Philip Nasadowski

Brings back memories. I still have my vinyl copy of "Music From Mathematics", Decca DL9103 (mono 33 1-3) that I got as a Xmas present in the late 60's from Dr. Richard V. Andree, an effervescent enthusiast for computers at the University of Oklahoma in the 1960's - and the reason I ended up in Computer Science.

The record itself is devoid of any publication dates, but from the bio's of the people involved at Bell Labs, it must have been recorded in the time frame 1961 - 1964. Strictly speaking the IBM 7090 neither "played" nor "sang". The music was not created in real time but was written in digital form to a magnetic tape that was then later fed into a Bell labs hardware creation that read the tape and did the digital to analog conversion. This was one of the early experimentations with digital music, and the "low res" version you refer to was probably the full, but somewhat limited, resolution of the original. The particular piece referred to - the only one with the computer "singing" - was a rendition of "Bicycle Built for Two".

An excerpt from the cover notes: "Music From Mathematics", Decca DL9103 "The course of human development has always been marked by man's striving for new techniques and tools in pursuance of a better life. This is most dramatically manifested in the fields of science and technology. But this dissatisfaction with available materials and methods and the corresponding search for new ones is also evident in the arts, and artists have continually sought to improve the tools of their trade. Today's modern orchestral instruments, for example, hardly resemble their medieval ancestors. On this recording, we illustrate another advancement in the realm of tools available to the music-maker: the computer and the digital-to-sound transducer. This new "instrument" combination is not merely a gadget or a complicated bit of machinery capable of producing new sounds. It opens the door to the exploration and discovery of many new and unique sounds. However, its musical usefulness and validity go far beyond this. With the development of this equipment carried out at the Bell Telephone Laboratories, the composer will have the benefits of a notational system so precise that future generations will know exactly how the composer intended his music to sound. He will have at his command an "instrument" which is itself directly involved in the creative process. In the words of three of the composers whose works are heard on this recording:"

"Man's music has always been acoustically limited by the instruments on which he plays. These are mechanisms which have physical restrictions. We have made sound and music directly from numbers, surmounting conventional limitations of instruments. Thus, the musical universe is now circumscribed only by man's perceptions and creativity."

"The process of composing music on and for the computer and transducer is highly complex; we shall attempt here only a brief and simplified description so that the listener may better understand what he is hearing. At the very heart of this type of composition rests this fundamental premise: "Any sound can be described mathematically by a sequence of numbers." Our composer thus begins by determining what numbers specify the particular sounds in which he is interested. These numbers are then punched on IBM cards; the cards are fed into the computer and the digits recorded in the memory of the machine. The computer is thus able to generate limitless sounds, depending on the instructions given it by the composer. The latter, instead of writing the score in notes, programs his music by punching a second set of IBM cards, which when fed into the computer cause it to register on tape certain sounds from its vast storehouse. The composer may give the computer detailed instructions for every "note," or he may allow it varying degrees of freedom by asking it to select "notes" at random from a host of possibilities. The tape which emerges from the computer contains music in the form of magnetic impressions. To convert these impressions to actual sounds, the tape is run on a digital-to-sound transducer, which translates the digital indications to sounds, amplifies these sounds, and gives us the finished musical product."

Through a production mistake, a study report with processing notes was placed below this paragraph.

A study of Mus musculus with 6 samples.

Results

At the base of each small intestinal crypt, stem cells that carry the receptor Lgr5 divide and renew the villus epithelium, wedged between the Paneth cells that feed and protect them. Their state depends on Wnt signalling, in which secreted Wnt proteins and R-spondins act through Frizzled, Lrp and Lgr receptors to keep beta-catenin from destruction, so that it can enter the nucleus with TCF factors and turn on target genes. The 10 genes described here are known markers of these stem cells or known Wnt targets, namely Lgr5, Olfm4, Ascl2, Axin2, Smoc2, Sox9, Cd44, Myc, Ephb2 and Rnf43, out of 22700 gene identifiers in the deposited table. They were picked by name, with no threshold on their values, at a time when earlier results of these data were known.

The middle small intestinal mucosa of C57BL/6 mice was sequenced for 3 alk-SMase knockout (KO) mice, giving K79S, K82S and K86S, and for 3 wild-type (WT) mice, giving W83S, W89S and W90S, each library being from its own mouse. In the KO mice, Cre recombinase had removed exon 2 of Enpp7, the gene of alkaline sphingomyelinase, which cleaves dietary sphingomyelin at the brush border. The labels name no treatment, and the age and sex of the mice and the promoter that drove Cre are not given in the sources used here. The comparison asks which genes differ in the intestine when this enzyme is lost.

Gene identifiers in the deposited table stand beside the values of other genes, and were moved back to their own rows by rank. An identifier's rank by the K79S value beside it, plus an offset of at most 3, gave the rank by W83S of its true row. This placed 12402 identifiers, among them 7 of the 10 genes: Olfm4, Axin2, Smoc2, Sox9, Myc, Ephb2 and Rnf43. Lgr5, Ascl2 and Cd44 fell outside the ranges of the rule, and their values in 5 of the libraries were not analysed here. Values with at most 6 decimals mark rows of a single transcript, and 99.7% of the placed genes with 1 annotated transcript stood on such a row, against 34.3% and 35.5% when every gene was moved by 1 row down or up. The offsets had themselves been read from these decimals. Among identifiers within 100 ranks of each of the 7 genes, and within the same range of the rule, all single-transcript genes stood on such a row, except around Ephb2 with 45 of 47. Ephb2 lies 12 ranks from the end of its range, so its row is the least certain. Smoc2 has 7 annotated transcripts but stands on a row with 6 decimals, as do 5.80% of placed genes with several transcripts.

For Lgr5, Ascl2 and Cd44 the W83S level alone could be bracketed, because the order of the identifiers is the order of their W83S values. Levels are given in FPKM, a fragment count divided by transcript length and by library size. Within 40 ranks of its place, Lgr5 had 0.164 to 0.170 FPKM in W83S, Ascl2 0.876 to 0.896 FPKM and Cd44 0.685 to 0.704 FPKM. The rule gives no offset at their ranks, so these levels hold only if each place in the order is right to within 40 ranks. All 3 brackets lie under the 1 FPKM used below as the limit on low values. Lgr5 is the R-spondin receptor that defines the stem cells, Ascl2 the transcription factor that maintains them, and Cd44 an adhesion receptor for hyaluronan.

"As can be gleaned from the above description, the human element plays a large role in computer music, as in any art medium. The sounds and sound-producing methods are new; the composer's role is essentially that which it has always been. History tells us that whenever a new concept emerges, it is labeled revolutionary by either its proponents or the public at large. The new techniques and tools of computer music are not meant to replace the more traditional means of composition and performance. Rather, they are designed to enhance and enlarge the range of possibilities available to the searching imagination of musicians. Science has provided the composer with new means to serve the same ends - artistic excellence and communication." ... "3. BICYCLE BUILT FOR TWO (arranged by M. V. Mathews) The computer can also be programmed to speak and sing, as is illustrated by the last verse of this familiar ditty. The patterns of human speech are analyzed in the same manner as the instrumental sounds. The computer is then programmed to speak the desired words. On this band the computer not only was programmed to sing but also to simulate a Honky Tonky type of piano accompaniment that was popular during the era when this song was a hit."